Meet Brighton the new Premier League boys


When the 2017/2018 Premier League season resumes, we could well be having Brighton & Hove Albion playing Tottenham Hotspur in the opening weekend.

With three games to spare, Chris Houghton’s have secured promotion to the big league and will be playing with the big boys for big money.

While Newcastle continue to stutter, Brighton continued to soar.

The Championship leaders Brighton were promoted after they beat relegation-threatened Wigan, and Huddersfield then drew at Derby.

Deal of the day

Brighton had to wait on the result at Pride Park, before their return to the top flight after 34 years was confirmed.

Chris Hughton wants his team to win the league title against Norwich next weekend

Glenn Murray’s crisp strike from the edge of the area put Albion ahead.

Solly March smashed in a second after the break, before Nick Powell’s header made it a nervy final five minutes.

Brighton can now start preparing for life in the top division again following their relegation in 1982-83 and subsequent journey down and back up the leagues.

A Huddersfield win would have meant the Seagulls needed one more point to mathematically guarantee promotion, but their goal difference was already far superior to the Terriers.

Brighton need three more points to clinch the Championship title and will be crowned champions if they win at Norwich on Friday.

Wigan put up a spirited defensive display at the Amex Stadium, but offered little going forward until Powell’s goal, and now face the prospect of an immediate return to League One.

They are five points from safety with three to play, including games against play-off chasing Reading and Leeds.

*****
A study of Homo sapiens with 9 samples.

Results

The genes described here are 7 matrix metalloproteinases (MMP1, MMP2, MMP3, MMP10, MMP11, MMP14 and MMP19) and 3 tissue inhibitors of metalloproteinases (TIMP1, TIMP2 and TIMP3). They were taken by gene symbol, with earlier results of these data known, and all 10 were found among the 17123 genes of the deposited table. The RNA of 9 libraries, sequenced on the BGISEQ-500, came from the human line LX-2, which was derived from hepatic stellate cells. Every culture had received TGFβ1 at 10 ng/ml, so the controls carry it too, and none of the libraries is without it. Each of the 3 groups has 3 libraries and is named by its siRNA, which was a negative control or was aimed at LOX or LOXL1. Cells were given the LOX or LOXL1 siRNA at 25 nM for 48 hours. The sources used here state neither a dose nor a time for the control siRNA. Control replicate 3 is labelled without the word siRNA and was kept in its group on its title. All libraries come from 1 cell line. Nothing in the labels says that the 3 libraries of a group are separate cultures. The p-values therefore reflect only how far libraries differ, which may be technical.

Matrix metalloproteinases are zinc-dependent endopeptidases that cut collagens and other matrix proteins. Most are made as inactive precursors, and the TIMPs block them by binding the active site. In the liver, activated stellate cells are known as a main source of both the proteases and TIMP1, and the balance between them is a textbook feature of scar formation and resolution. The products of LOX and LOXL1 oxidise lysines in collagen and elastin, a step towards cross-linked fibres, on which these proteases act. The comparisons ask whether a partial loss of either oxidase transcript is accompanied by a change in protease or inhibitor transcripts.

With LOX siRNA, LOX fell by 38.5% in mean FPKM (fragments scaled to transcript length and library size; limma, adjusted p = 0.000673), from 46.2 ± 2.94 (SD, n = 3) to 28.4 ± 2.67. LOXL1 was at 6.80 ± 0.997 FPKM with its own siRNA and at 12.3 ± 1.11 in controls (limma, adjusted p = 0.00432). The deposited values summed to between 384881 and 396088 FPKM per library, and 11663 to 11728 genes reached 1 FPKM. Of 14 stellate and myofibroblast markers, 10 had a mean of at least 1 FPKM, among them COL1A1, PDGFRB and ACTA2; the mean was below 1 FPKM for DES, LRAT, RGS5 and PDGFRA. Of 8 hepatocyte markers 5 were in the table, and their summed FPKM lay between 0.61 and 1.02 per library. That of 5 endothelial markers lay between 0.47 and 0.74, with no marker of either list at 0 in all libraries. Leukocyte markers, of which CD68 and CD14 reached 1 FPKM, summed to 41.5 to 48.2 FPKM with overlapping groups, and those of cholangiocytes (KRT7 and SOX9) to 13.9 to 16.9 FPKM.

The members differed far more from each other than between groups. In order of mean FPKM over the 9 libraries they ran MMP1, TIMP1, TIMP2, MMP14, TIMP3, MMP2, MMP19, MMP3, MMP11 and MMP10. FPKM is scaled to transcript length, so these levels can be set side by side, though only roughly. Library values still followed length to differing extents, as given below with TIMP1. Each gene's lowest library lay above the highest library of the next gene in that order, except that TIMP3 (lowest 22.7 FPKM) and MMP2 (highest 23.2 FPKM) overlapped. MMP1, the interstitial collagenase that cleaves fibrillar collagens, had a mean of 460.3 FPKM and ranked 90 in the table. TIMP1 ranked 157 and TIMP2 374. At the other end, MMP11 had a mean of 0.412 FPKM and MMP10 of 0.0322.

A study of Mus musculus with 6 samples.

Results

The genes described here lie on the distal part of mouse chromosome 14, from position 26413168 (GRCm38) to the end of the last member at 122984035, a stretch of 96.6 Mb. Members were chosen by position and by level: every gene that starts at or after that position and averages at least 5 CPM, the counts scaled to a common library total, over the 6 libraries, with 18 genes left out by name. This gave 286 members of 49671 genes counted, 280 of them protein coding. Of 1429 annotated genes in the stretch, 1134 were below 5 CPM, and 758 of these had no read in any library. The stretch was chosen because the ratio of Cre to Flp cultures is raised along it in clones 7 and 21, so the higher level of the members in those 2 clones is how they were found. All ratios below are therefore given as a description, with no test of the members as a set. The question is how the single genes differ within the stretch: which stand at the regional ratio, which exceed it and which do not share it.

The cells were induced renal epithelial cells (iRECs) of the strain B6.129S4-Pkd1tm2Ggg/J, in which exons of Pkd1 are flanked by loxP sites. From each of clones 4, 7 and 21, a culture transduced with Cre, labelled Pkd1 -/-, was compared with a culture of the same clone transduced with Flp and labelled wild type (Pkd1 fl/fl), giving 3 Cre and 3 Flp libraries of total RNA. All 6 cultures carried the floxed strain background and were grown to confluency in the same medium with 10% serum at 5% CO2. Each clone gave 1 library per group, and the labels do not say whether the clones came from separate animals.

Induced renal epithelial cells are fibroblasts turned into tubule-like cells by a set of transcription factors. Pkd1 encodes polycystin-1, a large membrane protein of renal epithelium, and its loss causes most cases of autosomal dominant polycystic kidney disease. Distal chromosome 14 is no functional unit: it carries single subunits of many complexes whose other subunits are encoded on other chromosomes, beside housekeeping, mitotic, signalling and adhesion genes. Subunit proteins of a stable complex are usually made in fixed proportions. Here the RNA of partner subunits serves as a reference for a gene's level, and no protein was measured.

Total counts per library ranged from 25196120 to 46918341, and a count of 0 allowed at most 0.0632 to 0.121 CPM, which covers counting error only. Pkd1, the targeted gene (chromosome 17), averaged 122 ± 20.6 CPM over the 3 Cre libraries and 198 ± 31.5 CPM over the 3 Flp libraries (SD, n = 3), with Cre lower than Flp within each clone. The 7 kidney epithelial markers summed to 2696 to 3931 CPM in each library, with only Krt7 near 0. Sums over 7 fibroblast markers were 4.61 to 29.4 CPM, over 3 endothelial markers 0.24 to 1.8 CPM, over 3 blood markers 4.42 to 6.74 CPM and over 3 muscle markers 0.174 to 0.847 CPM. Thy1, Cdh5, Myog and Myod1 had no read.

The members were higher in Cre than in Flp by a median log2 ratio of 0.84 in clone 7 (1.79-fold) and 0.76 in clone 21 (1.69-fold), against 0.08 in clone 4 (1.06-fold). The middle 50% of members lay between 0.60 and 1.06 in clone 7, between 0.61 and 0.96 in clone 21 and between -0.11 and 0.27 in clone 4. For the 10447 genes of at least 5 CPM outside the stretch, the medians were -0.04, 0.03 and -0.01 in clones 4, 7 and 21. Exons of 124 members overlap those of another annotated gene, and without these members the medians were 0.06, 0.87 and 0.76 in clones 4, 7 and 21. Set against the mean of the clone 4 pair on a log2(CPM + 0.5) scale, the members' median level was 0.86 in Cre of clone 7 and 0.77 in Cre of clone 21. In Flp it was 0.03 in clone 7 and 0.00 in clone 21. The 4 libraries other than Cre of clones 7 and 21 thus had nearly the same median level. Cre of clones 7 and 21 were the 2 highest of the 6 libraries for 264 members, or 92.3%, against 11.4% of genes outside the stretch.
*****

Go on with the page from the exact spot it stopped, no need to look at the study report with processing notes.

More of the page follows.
Why are the Seagulls soaring?

Brighton missed out on automatic promotion on the final day last season, when a draw at Middlesbrough saw Boro go up with Burnley and Albion finish third on goal difference.

They then lost in the play-off semi-finals to Sheffield Wednesday.

But Chris Hughton’s side have bounced back superbly this campaign, winning 28 of their 43 matches, including all five games in April so far and bettering last year’s total of 89 points already.

  • Attacking threat – Murray (22), Anthony Knockaert (15), Sam Baldock (11) and Tomer Hemed (11) have scored 59 of their 73 goals this season.
  • Home form – The Seagulls have picked up the most Championship points at home with 54, and won 17 of their 22 games there.
  • Unbeaten run – Brighton did not lose in October, November and December, winning 11 of their 15 games during that spell.
  • Tight defence – They have conceded the fewest goals in the Championship (36) with 21 clean sheets.

They could have beaten Wigan by an even bigger margin, but Murray saw his header ruled out for a foul and the Championship’s Player of the Year, Knockaert, had a goal chalked out for offside and a strike cleared off the line.

What a difference 20 years makes

Brighton’s promotion party comes almost 20 years to the day since they were less than 30 minutes from dropping out of the Football League.

Trailing Hereford 1-0 on the final day of the 1996-97 season and needing a draw to survive, substitute Robbie Reinelt popped up in the 62nd minute to score an equaliser, Brighton held on and Hereford went down instead.

Steve Gritt, who had taken charge five months earlier with Brighton 11 points adrift at the bottom of the fourth tier, said afterwards: “It’s not something I really want to go through again.” They never have.

However, the club was still in turmoil off the pitch in 1997. They had to sell the Goldstone Ground to pay off some of their debts, spent two seasons 70 miles away at Gillingham’s Priestfield Stadium, and then moved into the Withdean Stadium in 1999 – a council-owned athletics track on the suburbs of Brighton.

Chairman Tony Bloom’s arrival eight years ago paved the way for their new permanent home and the success that followed, but it could have all been so different had they dropped into non-league.

Can Brighton survive?

Of the 71 promoted teams to play in the Premier League, 31 have been immediately relegated. But Brighton fans may want to put a positive spin on it – more than half of them stay up. The average finishing position is 15th.

Only twice have all three promoted teams stayed up – 2001-02 and 2011-12 – and only once have they all gone down – 1997-98.